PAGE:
Barack Obama assured Gulf residents and businesses on Monday the region's beaches will be restored to their 'pristine condition', promising the full force of his government to require British Petroleum (BP) to quickly pay damage claims.
Mr. Obama also told the country that seafood from the region remained safe and implored holiday-makers not to cancel visits to the Gulf coast where many of the famous white beaches remain untouched.
But oil from the blownout BP well is spoiling significant parts of the shoreline and already has penetrated into critical marshlands, threatening breeding grounds for wildlife, waterfowl and sea creatures, in particular, shrimp and oysters.
"I can't promise folks here in Theordore or across the Gulf that this oil will be cleaned up overnight," the President said. Yet he offered assurances that the "full resources of our government are being mobilised to confront this disaster".
Fund to be managed independently
Shortly before he began his tour of the region, spokesman Bill Burton told reporters with the President that the administration and BP were "working out the particulars" of Mr. Obama's demand that the oil giant set up a multibillion-dollar, independently-run damage fund.
Mr. Burton said the account would be in the hands of a third-party and would amount to "billions of dollars".
"We're confident that this is a critical way in which we're going to be able to help individuals and businesses in the Gulf area become whole again," he said.
Asserting leadership in face of calamity
On his fourth visit to the region, Mr. Obama was determined to assert leadership in face of the calamity, with the White House showing the President using all the power available to him to stem the continuing flood of oil into the Gulf and extract compensation from BP for victims of the tragedy.
As the damaged well continues spilling millions of gallons of crude oil from its rupture about a mile (1,500 meters) below the surface, Mr. Obama has taken a hit in the polls.
Dealing with the catastrophe has also forced him to spend huge amounts of time on the crisis, cutting severely into his schedule, including cancelling a trip to Asia and Australia, and threatening his legislative agenda on issues like financial overhaul, climate change and immigration reform.
Mr. Obama's first stop on Monday was a briefing at a Coast Guard station here on Mississippi's coast, where he said the two days in the region would help him prepare for Wednesday's showdown with BP. In particular, Mr. Obama said there continues to be problems with claims for damages and with effective coordination.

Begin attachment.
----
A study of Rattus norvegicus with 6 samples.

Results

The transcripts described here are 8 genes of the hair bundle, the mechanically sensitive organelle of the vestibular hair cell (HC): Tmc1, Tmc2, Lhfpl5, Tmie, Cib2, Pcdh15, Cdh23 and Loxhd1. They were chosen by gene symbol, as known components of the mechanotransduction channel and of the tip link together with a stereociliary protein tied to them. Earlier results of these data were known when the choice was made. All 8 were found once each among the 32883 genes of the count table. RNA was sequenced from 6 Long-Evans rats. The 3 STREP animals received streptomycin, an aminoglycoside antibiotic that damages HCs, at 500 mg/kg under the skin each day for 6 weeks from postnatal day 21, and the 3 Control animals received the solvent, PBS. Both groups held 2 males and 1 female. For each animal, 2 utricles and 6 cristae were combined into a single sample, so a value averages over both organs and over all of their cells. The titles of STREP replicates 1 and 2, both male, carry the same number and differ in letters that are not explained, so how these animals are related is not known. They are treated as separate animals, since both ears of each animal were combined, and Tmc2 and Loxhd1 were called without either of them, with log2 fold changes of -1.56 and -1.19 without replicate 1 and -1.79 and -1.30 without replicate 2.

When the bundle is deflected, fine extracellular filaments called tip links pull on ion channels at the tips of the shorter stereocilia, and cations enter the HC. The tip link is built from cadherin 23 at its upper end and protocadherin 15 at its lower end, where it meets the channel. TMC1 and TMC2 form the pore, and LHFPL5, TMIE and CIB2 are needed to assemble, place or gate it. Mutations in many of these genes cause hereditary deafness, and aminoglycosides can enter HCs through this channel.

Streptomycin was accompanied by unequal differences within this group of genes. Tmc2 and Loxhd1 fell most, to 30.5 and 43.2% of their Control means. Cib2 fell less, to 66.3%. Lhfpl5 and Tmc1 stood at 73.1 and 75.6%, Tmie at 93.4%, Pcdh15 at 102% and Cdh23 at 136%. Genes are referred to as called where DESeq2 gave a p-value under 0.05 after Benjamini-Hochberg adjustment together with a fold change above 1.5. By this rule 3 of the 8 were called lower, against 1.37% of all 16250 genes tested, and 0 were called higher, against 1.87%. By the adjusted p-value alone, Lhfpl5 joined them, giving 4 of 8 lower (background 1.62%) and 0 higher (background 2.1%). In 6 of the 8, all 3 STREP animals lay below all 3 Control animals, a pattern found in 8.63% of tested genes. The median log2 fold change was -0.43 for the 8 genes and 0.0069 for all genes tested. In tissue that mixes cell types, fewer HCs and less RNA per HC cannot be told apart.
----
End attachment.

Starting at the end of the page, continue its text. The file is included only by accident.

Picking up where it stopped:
"We're gathering up facts, stories, right now so that we have an absolutely clear understanding about how we can best present to BP the need to make sure that individuals and businesses are dealt with in a fair manner and a prompt manner," the President said.
BP's board gathered on Monday in London to discuss deferring its second-quarter dividend and putting the money into escrow until the company's liabilities from the spill are known.
The administration had said earlier — uncertain that BP would voluntarily establish the damage fund — that Mr. Obama was prepared to force BP to take the step.
The President's two-day visit to Mississippi, Alabama and Florida precedes his first-ever Oval Office address to the U.S. Tuesday night and his first face-to-face meetings with BP executives on Wednesday.
BP's costs rise to $1.6 billions
BP said in a statement its costs for responding to the spill had risen to $1.6 billion, including new $25 million grants to Florida, Alabama and Mississippi. It also includes the first $60 million for a project to build barrier islands off the Louisiana coast. The estimate does not include future costs for scores of damage lawsuits already filed.
Mr. Obama's first three trips to the Gulf took him to the hardest-hit state, Louisiana. On Monday, Day 56 since the BP-leased Deepwater Horizon drilling rig exploded, killed 11 workers and unleashed a fury of oil into the Gulf, he started his tour in Gulfport, Mississippi. From the stop in Alabama, where oil was washing up in heavy amounts along the state's eastern shores, he moves on to Florida.
He will meet state and local officials eager for him to show command, provide manpower and supplies and also tell the public that despite the catastrophe that's crippling the fishing and tourist trades, many beaches are still open.
The administration said early Monday that BP had responded to a letter sent over the weekend asking the company to speed up its ability to capture the spewing oil.
In its response, BP said it would target containing more than 2 million gallons (8 million litres) of oil a day by the end of June, up from about 630,000 gallons (2.4 million litres) of crude a day now. The government's high-range estimates say as much as 2.1 million gallons (8 million litres) a day could be billowing from BP's runaway well.
Although BP is now siphoning significant amounts from its blownout well 5,000 feet (1,500 meters) below the ocean's surface, the leak will not be killed for good until relief wells are completed in August.
Increasingly accurate estimates of the spill have brought the enormity of the disaster into focus. Already, potentially more than 100 million gallons (380 million litres) of crude expelled into the Gulf, far outstripping the 1989 Exxon Valdez disaster.